One can forgive the people of the Cape Fear region these days if they’re a little sensitive about chemical pollutants in the environment and the failure of public officials to protect human wellbeing as the ongoing GenX mess continues to play out. So, it is from a place of experience that editors of the Wilmington Star News authored yesterday’s lead editorial blasting Donald Trump’s selection of chemical industry apologist Michael Dourson to head the EPA’s Office of Chemical Safety and Pollution.
After listing several of Trump’s bizarre picks to head various agencies, the editorial (“EPA nominee should scare us all”) puts it this way:
“The appointment of Michael Dourson to head the EPA’s Office of Chemical Safety and Pollution, however, takes the cake. Talk about the fox guarding the hen house.
Unlike [failed Ag Department Science Adviser nominee Sam] Clovis, Dourson is an actual scientist. He has, however, spent the past 20 years or so working for clients such as DuPont (former owner of Chemours), Monsanto and Dow AgroSciences, defending the safety of pesticides and other chemicals. Generally, he argued that these chemicals were far less risky than EPA scientists or independent researchers believed.
Through a fluke in ethics rules, there is nothing that bars Dourson from ruling on these companies’ chemicals that he was being paid to defend a year or two ago. That’s not exactly draining the swamp.
Dourson helped DuPont defend its use of the chemical PFOA — better known as C8, the precursor to GenX — after states sued over water contamination. Starting to sound familiar?
DuPont and Chemours agreed to pay $671 million to settle thousands of C8 lawsuits. Dourson, however, insisted that the levels were safe, even though a panel of scientists convened by DuPont found a probable link with six illnesses: kidney and testicular cancer, ulcerative colitis, thyroid disease, pregnancy-induced hypertension and high cholesterol.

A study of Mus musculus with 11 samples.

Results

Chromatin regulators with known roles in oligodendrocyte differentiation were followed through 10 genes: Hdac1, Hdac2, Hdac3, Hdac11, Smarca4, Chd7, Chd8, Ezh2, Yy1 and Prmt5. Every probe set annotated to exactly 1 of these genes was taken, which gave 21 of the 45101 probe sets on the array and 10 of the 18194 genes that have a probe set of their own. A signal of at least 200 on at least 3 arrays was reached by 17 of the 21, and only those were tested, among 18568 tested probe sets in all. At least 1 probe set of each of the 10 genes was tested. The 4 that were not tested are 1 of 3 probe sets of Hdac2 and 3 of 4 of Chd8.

Nobody expected Mr. Trump to name tree-huggers or Greenpeace activists to environmental posts. We would, though, expect at least a principled conservative with an independent mind, not someone who’s spent much of his career essentially as a paid lobbyist for the chemical industry.”
The editorial goes on to note the extreme importance of the GenX water pollution crisis to residents of southeastern North Carolina. It concludes with a demand (it even includes their phone numbers) of Senators Burr and Tillis:
“When Dourson’s nomination comes before the full Senate (and it shortly will), Burr and Tillis should demand that the president name someone else. If you are ever going to contact your U.S. senator’s office about a national issue, this is it.
This isn’t about political ideology or whether you support or don’t support President Trump. This is about nothing less than the very basic safety of our drinking water.”